Good designs generally reflect the nature of the problem they solve, and the same applies to designing a process for design. Design is messy, incremental, and has spurts of both broad and deep exploration.
Here I’ll describe the simple and flexible organization structure my duck docs evolved to capture design thoughts for reference without impeding exploration.
UPDATE: I’ve updated some of my duck doc structure
The organization scheme consists of two main mechanisms: sections and tags.
The sections largely reflect steps of design, but also a few frequent-reference items.
- Motivation: Every doc starts with a high-level motivation statement. It’s important to know the why behind the work so that the right problem is solved. This section is a great place to link pre-existing materials for the task
- Requirements and constraints: Starts breaking the motivation down into a checklist of success criteria. Could also be considered a “definition of done”.
- Exploration (a.k.a. knowns and unknowns): This section is the meat of the document. Questions and facts are collected until there is a clear enough picture to make a solid plan
- Plan: Outline the conclusion of the explorations. Often a checklist. Makes an easy reference for implementation and future readers.
- Implementation: Additional details and problems always show up during implementation. This section is a scratch pad for modifications to the plan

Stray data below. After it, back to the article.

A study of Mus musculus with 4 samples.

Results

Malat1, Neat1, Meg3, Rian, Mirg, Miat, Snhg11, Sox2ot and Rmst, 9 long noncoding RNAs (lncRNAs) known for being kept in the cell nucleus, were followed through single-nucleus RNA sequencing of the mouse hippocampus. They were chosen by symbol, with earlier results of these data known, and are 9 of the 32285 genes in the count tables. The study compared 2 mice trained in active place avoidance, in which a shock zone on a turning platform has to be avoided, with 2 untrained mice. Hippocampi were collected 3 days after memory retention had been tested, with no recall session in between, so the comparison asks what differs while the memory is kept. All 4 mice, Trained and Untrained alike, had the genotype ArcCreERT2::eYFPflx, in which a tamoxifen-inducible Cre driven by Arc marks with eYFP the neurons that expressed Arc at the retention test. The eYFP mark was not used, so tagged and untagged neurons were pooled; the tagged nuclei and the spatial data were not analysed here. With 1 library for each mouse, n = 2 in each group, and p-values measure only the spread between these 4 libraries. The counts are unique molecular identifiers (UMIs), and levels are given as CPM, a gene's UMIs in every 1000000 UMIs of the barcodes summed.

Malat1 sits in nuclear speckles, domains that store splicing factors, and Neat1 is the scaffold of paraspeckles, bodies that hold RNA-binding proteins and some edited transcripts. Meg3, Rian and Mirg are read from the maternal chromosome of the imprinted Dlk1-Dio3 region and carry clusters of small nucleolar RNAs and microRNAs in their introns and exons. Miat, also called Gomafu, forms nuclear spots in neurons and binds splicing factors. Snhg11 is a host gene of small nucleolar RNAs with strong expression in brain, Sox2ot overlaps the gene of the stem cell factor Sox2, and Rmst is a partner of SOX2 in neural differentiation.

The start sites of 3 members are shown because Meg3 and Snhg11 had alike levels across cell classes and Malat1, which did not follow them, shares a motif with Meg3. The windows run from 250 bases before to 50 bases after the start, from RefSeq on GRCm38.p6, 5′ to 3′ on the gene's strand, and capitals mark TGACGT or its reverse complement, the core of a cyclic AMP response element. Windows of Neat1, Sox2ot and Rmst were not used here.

- Meta: I also usually include a yaml section at the top with date, author, and work item information for clerical purposes.
Textual tags tame the tangle, providing enough structure to reference key pieces of information without pulling the author out their rapid flow of thought. Tags only require a local decision and can be backfilled easily
My duck docs have refined a fairly small but powerful set of tags over time.
- Q: / A: -> Question and it’s answer. Deliberation may come in between, usually as bullet points
- Q: / OPT: / DECIDED: -> Question, Option, and the final decision
- Similar to question and answer, but oriented to questions that have limited answers categories
- PRO: / CON: -> State advantages and disadvantages of each option
- U: -> Unknown. A statement of some quality that I don’t know, but think is important.
- K: -> Known. For recording facts about the problem
- REQ: -> Requirement. Mostly used to mark new requirements discovered in the flow of exploration. These should be copied up to the requirements section at a convenient time.
- SOURCE: -> some reference used to inform the design or a question.
- PROBLEM: / OPT: Very similar to Q:, but used for unforeseen issues in a previous decision rather than general exploration. Also usually phrased as more of a statement about current behavior than a question. A good way to get unstuck.
The Exploration and Implementation section are usually just a nested list of questions. The additional tags help index the raw chain of thought, simplifying reference to previous decisions, sources, and alternatives.
You don’t have to tag everything. Tag things you want to be able to find later. For example,
- newly discovered requirements or constraints
- decisions about the solution
- the conclusion of a line of questioning
- and key pros or cons of alternate approaches
It’s best to get your thoughts out there, and tag them later if they end up being important.
Textual tags are a much more general pattern. You can read about similar techniques here
Here is an actual example from a learning project of mine. The stakes were low and the goals loose. Thus, I don’t dive deep into many of the questions.
The design process is messy. The thought process is fast and loose. However, well chosen sections and textual tags can meet the design process in its natural state and provide enough order to speed continuing work.